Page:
The Samsung Galaxy S4 comes with a 13MP main camera and a 2MP secondary camera and the two can be used at the same time.
The Sony Xperia Z features the new Sony Exmor RS sensor, also 13MP, and has a 2MP front facing camera as well. Unfortunately those two can't be used simultaneously.
First, let's talk Field of View (FoV), how much each camera captures. According to EXIF info, the Samsung Galaxy S4 camera is a 31mm (in 35mm equiv.), while the Sony Xperia Z is wider at 28mm. The difference is noticeable, but not too big a deal.
The Samsung Galaxy S4 captures very good amounts of fine detail (see bricks, wall texture, foliage) and the noise level is relatively low (check the sky). It shows oversharpening halos here and there, but no purple fringing. The color accuracy is good, though most of the time the colors are a bit oversaturated.
In the Superior Auto mode the Sony Xperia Z produces photos with pleasing, albeit slightly oversaturated colors. The images shot in Normal Auto, appear more natural and lack that overprocessed look. Since most of the users will use the default Superior Auto (which usually does better anyway), we shot our samples with this mode. Either way, though, the resolved detail is hardly spectacular and noticeably lower compared to Galaxy S4's samples and the noise levels are only average. There's also noticable purple fringing and while the dynamic range is on par between the two, the Galaxy S4 has the upper hand in terms of contrast.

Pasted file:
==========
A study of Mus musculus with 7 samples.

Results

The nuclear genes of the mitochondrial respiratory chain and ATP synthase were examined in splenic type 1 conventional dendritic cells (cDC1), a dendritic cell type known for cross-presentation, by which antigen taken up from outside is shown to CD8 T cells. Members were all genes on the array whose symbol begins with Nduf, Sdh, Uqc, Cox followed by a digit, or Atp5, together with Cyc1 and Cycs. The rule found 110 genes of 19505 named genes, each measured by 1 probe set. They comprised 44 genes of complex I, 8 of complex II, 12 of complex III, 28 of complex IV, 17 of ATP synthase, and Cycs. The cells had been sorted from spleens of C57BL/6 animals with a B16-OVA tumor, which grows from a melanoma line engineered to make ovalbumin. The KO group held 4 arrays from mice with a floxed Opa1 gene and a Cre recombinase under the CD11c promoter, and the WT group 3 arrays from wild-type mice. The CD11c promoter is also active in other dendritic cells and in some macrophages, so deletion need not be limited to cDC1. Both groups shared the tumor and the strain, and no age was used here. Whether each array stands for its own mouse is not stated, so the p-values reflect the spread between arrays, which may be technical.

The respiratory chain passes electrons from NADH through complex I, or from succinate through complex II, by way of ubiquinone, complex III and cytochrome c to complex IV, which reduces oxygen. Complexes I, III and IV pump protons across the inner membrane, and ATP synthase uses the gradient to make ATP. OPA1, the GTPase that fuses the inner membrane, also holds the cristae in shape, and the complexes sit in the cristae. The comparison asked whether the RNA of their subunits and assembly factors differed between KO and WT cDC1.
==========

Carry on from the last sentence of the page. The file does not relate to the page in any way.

So even though the Sony Xperia Z produces decent shots overall, it doesn't even come close to the Galaxy S4 photos. Here go a few crops to illustrate our point.
We snapped a few photos in extreme lightning conditions. The first set of samples were taken with Auto/Normal Auto, the second pair were shot using the Night Scene presets, the third one - indoors with no additional lighting but the LED flash and the fourth - in a cloudy weather with Auto settings.
The Galaxy S4 exposes it low-light shots better than the Xperia Z's, no matter of the shooting mode. It lets in slightly more noise, but it also manages to preserve more detail and produce better colors than the Sony flagship. The Xperia Z picture quality improves though when set to shoot on Superior Auto (which automatically switch to Night Scene), in which case things are closer, but still slightly in favor of the Samsung flagship.